Will the province keep the city's best interests at heart when it sells 326 acres of prime land on the city's east side?
That was the question on the minds of some city councillors at at a Committee of the Whole meeting Monday afternoon as the city ponders backing out of the initial plan to buy the so-call Guelph Innovation District, located between Stone Road and York Road, from the province and sell it itself.
Coun. James Gordon said there is a "collective nervousness" regarding the future of the lands and wanted assurances the city would be "holding the ace" in regards to what future development there will look like.
"Who comes first? Can the province say 'tough'" if the city doesn't agree with how they sell the land, Gordon asked.
"What's holding me back is my lack of trust in this current government. It's all about money and jobs," coun. Leanne Piper said.
Council voted 12-0 Monday in favour of the staff recommendation and move it forward to the council meeting at the end of the month for firnal decision. Coun. Phil Allt was absent.
Staff said the sale of the property is being conducted by the arms length agency Infrastructure Ontario and that they are committed to working with the city to make sure its interests are observed.
"At this stage I don't see anything that gives me discomfort," Deputy CAO Scott Stewart told city counci.
"We want a partner at the table that won't fight with us," Stewart said.
In the end the city should still get what it wants: developed land that brings jobs and services to the city.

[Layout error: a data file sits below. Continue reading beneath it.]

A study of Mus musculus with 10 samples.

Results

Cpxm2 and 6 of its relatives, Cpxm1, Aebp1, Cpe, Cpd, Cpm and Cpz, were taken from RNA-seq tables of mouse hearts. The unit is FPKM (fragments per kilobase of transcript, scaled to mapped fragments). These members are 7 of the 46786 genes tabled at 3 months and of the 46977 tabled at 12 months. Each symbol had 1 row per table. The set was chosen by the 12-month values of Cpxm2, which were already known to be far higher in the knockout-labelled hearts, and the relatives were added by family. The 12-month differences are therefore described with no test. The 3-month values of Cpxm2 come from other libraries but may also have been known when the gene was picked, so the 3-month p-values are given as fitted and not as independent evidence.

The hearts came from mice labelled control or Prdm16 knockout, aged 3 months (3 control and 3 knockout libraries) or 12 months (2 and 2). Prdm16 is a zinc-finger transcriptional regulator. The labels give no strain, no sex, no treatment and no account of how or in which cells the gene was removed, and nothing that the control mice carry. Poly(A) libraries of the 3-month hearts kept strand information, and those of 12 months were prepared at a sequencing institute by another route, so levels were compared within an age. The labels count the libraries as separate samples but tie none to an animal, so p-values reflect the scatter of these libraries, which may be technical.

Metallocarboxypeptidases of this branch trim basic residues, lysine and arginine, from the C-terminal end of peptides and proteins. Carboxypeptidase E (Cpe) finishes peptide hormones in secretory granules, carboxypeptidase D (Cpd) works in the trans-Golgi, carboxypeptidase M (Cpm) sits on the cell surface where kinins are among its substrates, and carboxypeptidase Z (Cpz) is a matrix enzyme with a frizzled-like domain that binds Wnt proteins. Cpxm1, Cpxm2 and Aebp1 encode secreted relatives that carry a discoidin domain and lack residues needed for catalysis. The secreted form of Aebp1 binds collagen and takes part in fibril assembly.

Same rewards, less risk, staff told council in why the change of heart regarding the city's role.
"All the same benefits, but the risk is minimalized for Guelph taxpayers," Stewart said.
Back in 2017 council voted in favour of moving ahead with a plan to purchase the land from the province and then proceed with finding development partners to build a variety of uses on the land. That plan was seen as a way of maintaining control of the property and making sure it is developed in accordance with the city’s secondary plan.
But staff said that proved too risky, notably in possibly having to pay land transfer tax twice on the property, Stewart said.
"It was going to cost too much money, too much money for local taxpayers adn we couldn't make it whole," Stewart said.
The land has been valued at $60 million.
There were still some concerns around the council horseshoe just how the development of the property, which is made up primarily of the former Wellington Detention Centre and Turfgrass Institute, would proceed.
At one point Monday council went in-camera to get some legal advice.
The land was valued at $60 million and the city would have had to come up with roughly $10 million as it moved through the process.
The land is expected to go on the open market later this year.